This is the first of samples from Essence of tea I'd like to write about. As I succeeded in the exam from computational complexity theory yesterday, I decided I'd taste it again today and write about it to reward myself.
I quite like the descriptions on Essence of tea website... not boasting, letting one form his opinion himself. I guess that the owner knows that when one is good in what he does, he does not have to boast.
Interesting tea deserves good water, a unit of charcoal was mustered. Will have to buy more soon...
Now, dry leaves...
I find them quite beautiful, healthy. Big (one would expect that of Da Ye, wouldn't he?). They release a pleasant, dry, aged aroma.
The water is boiling, sings the kettle...
Wet leaves in the pot smell rather like shu puerh, more clean and "real" though. Could be just my imagination.
The color of the liquor is similar to aged wine in a way. Older wine is not as red as young, having a sort of brownish tint. Approaching this from the other side, this tea is brown with a reddish tint.
The taste is clean and pleasant, but hardly surprising or mind-blowing. What came to my mind first was "shupu". It tasted according to what I felt I could feel in it... when I thought of dried apricots, I could sort of find them there. Also, in some brews, very slight fishiness was present (carp, to be exact).
Having a look at wet leaves clearly shows this is no shu. Actually, the mouthfeel and energy of the tea suggest the same thing. The tea feels thick, cools the mouth and sends small "sparks" around. It may be just my imagination, but it also felt more "natural" than shu.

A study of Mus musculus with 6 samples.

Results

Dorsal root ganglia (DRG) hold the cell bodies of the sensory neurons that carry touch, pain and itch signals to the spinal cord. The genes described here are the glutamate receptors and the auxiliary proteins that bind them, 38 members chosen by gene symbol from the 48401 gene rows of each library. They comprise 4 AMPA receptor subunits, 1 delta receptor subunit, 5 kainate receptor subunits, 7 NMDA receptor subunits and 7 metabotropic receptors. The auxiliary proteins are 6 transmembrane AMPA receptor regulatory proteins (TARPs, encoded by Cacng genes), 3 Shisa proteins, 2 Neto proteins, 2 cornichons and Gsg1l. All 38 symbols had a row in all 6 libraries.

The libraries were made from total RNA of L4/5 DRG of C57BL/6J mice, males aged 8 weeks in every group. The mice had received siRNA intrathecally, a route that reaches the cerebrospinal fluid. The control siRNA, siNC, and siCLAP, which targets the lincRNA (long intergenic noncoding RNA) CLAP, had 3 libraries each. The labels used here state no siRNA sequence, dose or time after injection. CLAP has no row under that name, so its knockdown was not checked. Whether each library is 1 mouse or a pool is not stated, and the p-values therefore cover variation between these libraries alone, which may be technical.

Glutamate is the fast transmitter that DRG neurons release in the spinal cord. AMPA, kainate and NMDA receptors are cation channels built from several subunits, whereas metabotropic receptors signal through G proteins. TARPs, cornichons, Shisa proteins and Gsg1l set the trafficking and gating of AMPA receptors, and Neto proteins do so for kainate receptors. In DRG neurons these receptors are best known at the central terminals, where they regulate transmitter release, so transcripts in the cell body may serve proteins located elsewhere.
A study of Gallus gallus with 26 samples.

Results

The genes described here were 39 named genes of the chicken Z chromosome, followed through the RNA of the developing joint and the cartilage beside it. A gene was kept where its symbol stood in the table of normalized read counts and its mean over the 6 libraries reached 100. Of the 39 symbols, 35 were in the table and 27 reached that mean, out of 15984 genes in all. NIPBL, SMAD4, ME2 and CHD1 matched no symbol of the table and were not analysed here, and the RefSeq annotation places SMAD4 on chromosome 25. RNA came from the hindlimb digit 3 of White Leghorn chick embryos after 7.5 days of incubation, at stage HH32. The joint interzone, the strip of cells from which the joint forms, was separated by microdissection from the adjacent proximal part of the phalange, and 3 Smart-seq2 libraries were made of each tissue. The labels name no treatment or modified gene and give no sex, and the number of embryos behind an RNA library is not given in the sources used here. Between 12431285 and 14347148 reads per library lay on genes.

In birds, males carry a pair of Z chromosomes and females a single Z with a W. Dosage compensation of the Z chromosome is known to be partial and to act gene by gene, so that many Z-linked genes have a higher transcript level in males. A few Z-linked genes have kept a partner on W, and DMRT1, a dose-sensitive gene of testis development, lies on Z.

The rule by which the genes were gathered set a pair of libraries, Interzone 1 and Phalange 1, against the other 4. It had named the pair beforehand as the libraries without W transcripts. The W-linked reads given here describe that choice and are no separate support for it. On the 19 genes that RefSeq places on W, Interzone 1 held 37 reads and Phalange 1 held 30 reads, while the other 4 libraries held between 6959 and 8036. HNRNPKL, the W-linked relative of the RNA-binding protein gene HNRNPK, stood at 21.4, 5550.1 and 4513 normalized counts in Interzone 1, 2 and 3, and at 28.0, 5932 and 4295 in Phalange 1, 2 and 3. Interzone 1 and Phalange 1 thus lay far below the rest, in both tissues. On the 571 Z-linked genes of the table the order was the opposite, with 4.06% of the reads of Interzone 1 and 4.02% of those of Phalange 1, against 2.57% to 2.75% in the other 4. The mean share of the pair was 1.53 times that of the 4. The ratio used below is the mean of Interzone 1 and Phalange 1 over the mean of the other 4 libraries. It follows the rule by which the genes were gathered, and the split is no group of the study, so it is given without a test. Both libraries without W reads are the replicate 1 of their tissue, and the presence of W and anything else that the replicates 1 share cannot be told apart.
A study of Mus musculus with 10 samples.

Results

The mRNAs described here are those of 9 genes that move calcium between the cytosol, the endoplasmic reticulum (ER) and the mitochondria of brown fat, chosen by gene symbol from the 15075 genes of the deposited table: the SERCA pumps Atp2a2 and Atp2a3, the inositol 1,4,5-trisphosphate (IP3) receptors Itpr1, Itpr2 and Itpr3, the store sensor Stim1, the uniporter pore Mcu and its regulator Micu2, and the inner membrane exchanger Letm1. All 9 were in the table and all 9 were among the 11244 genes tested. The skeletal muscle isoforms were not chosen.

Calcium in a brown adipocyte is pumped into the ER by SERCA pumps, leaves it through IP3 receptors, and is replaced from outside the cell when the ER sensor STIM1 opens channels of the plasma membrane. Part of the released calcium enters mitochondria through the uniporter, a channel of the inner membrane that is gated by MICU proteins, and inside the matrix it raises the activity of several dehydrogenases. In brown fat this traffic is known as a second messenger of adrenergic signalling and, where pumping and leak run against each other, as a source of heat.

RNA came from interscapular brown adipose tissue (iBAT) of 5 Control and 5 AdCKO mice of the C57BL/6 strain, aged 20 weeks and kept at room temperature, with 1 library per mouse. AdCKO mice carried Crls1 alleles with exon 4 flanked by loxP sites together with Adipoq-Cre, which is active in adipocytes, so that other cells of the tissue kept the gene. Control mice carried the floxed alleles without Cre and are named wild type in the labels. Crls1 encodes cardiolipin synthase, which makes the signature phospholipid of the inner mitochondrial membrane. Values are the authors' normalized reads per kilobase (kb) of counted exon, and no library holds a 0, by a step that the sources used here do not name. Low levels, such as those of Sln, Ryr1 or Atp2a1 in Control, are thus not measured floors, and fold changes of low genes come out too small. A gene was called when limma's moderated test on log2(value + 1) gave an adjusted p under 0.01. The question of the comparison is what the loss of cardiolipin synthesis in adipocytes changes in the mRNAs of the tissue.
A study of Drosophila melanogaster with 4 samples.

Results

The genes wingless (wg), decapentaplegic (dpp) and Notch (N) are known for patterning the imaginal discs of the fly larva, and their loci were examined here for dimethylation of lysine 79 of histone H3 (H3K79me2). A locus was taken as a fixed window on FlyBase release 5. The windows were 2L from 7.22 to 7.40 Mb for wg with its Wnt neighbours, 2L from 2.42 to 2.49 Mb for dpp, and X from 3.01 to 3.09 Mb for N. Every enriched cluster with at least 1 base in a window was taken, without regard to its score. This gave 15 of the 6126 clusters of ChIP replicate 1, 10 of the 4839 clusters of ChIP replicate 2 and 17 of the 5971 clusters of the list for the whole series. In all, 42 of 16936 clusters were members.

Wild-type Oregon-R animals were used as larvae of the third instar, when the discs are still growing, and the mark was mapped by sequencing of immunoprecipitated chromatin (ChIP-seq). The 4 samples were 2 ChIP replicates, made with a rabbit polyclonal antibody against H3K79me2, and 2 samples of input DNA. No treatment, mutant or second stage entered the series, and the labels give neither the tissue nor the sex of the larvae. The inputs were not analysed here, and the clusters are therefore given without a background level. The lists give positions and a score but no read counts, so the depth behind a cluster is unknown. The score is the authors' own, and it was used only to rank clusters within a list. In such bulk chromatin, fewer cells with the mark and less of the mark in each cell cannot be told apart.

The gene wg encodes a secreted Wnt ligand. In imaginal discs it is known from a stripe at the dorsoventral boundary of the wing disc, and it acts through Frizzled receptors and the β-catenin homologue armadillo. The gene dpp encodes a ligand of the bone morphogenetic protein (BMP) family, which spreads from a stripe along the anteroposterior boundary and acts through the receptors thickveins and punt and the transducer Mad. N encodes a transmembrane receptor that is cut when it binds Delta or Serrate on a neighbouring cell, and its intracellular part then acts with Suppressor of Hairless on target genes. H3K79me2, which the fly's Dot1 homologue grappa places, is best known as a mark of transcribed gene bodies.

As has been said many times before, old tea is not always drank for the taste (it would be crazily expensive for that). The energy of the tea is very important too. This tea has pleasant, quiet cha qi. I generally believe that a lot of calming down and feeling good is caused by calm preparations and enjoyment of tea (furthermore, with older teas, one could have tendency to be wow-ed by the experience of drinking something of such age). I can not say that this tea would affect me so much more than other sheng from 2001-2004. But it is quieter, no rowdydow bitterness or anything notably powerful is in it. Balance and peace, it is.
The unknown amout of leaves I used (5-8g) lasted more than a litre of water, still being enjoyable.
Wet leaves confirm that leaves probably come from several sources, not being too homogenous. I liked how firm and healthy they still were, not being disintegrated by being rubbed a bit.
Were this tea sold as the biggest speciality in the world, for crazy money, I would have thought "all right, interesting, but not for me". As it is so cheap, I think it is very nice tea to be had more frequently. Although I do not need the kind of feeling it gives (and younger tea does not) too often, it is very pleasant from time to time.